In a party-line vote on Monday, the Republican-controlled Pennsylvania House approved legislation to remove from state law a frequently cited public records carve-out that Gov. Tom Wolf’s administration has used to deny the public and the media access to data on the COVID-19 pandemic.
The bill, sponsored by Rep. Craig Staats, R-Bucks, comes after months of requests from the state’s media advocates to axe a confidentiality provision in Pennsylvania’s 1950s-era disease control law.
“This law has become an impenetrable barrier that shields public access and accountability related to infectious diseases and other community health issues,” the Pennsylvania NewsMedia Association said in a letter to lawmakers supporting the bill.
Under the proposal, all reports and records created when the state Department of Health uses the law, such as to implement the state’s K-12 school mask mandate, would be deemed public records.
House Republicans argued it would expand the public’s view of state health data, in particular aggregate data showing the size and scale of COVID-19’s spread and mediation.
“Data drives science — accurate science,” House Majority Leader Kerry Benninghoff, R-Centre said. “If we want to follow accurate science, we need accurate data.”
During the floor debate, Democrats attempted to link the bill to Senate Republican efforts to access 9 million Pennsylvania voters’ personal identifying information as part of an investigation of the 2020 election.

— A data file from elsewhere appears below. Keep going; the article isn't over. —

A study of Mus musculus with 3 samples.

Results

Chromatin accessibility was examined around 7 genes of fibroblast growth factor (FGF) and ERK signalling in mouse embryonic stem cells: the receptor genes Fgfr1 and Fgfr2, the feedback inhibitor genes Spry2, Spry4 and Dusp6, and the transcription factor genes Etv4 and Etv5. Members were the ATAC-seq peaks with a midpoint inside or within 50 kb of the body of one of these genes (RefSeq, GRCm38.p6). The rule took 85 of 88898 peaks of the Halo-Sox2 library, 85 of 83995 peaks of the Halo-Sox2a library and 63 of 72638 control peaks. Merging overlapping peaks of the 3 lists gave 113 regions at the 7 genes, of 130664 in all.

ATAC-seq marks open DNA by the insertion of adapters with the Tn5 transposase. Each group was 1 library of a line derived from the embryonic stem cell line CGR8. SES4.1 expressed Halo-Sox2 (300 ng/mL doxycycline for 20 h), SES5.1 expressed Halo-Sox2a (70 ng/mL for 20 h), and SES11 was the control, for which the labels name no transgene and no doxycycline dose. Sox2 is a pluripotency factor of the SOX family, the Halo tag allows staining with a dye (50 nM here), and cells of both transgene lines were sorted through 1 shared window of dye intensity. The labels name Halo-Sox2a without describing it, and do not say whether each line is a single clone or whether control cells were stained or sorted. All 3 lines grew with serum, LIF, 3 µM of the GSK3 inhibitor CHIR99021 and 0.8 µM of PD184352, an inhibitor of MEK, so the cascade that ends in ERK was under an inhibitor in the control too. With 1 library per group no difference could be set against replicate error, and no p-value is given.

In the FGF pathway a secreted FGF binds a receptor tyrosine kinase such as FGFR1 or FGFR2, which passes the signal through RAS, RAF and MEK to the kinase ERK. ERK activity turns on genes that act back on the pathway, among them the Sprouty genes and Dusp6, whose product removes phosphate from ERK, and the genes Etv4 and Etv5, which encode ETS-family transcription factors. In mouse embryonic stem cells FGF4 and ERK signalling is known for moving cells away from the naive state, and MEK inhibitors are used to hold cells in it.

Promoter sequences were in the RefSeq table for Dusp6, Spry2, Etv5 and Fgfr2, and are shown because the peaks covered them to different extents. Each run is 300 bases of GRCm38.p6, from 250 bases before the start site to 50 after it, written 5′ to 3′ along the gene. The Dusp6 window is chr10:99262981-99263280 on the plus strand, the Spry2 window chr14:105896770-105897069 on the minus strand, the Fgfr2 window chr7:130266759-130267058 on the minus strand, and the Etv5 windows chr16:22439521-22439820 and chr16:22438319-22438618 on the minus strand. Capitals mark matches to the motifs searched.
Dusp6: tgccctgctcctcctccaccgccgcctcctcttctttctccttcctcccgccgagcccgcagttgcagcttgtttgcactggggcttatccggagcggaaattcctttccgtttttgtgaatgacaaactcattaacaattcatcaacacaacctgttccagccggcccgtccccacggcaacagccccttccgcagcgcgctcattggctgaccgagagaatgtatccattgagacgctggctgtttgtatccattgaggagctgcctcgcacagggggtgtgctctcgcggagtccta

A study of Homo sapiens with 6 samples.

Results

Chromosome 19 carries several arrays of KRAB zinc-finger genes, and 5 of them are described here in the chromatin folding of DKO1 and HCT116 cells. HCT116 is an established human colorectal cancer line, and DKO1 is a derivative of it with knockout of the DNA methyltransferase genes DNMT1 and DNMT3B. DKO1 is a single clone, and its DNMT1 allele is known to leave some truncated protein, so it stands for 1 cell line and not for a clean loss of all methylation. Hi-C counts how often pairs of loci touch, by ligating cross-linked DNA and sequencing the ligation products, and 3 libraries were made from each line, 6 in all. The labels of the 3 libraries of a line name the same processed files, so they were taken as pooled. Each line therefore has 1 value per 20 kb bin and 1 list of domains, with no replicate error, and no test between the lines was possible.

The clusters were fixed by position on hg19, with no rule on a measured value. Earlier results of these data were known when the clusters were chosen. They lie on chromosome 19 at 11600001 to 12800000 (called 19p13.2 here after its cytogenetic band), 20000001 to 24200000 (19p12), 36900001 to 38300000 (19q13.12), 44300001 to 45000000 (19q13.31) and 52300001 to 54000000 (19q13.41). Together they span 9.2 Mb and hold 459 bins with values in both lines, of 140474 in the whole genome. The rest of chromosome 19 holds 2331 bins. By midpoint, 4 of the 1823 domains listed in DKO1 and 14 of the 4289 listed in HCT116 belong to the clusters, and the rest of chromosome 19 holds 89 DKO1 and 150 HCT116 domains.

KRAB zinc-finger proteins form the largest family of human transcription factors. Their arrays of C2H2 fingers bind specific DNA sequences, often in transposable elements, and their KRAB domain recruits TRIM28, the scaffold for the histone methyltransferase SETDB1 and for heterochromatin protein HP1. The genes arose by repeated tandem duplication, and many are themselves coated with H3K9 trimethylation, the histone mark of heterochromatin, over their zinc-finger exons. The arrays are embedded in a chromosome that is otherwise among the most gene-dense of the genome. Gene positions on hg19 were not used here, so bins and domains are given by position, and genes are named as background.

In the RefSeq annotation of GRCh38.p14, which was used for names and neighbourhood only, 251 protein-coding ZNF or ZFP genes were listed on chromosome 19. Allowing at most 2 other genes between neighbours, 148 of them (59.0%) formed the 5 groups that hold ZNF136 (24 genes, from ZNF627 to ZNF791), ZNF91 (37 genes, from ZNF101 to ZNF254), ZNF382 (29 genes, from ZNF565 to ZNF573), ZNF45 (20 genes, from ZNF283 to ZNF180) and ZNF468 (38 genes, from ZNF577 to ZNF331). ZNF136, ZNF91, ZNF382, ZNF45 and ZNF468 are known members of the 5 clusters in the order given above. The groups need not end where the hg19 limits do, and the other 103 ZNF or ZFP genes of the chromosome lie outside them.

Republicans shrieking protests about how they stand for personal privacy while voting to let anyone who asks to look at your health records and demanding to hand your Social Security Number to scammers.
What the GOP says and what the GOP does are very different.
— PA House Democrats (@PaHouseDems) October 4, 2021
However, the state’s open records law already exempts from release documents relating to an individual’s “medical, psychiatric or psychological history or disability status,” including evaluations or enrollment status in health care programs, as well as the release of any other “related information that would disclose individually identifiable health information.”
Transparency advocates also pointed out that federal health privacy laws would also protect personal health information.
The partisan debate comes after Wolf and the GOP-controlled General Assembly have fought for months over Wolf’s response to the pandemic, from mask mandates to business closures.
Wolf’s own commitment to transparency has been questioned as part of the debate. In 2020, he threatened to veto a bill to remove a loophole in state open records law that his administration used to delay responding to records requests amid the pandemic.
However, after that bill passed the legislature unanimously, Wolf allowed it to lapse into law without his signature.
In an email, Lyndsay Kensinger, a spokesperson for Wolf, said he opposes the bill, as it would “make public every report of disease.”
“Sadly, this is yet another political attack on public health thinly veiled as a transparency effort when our mutual focus should be on improving our vaccination rate in all parts of Pennsylvania,” Kensinger said.
Staat’s open records proposal now heads to the state Senate.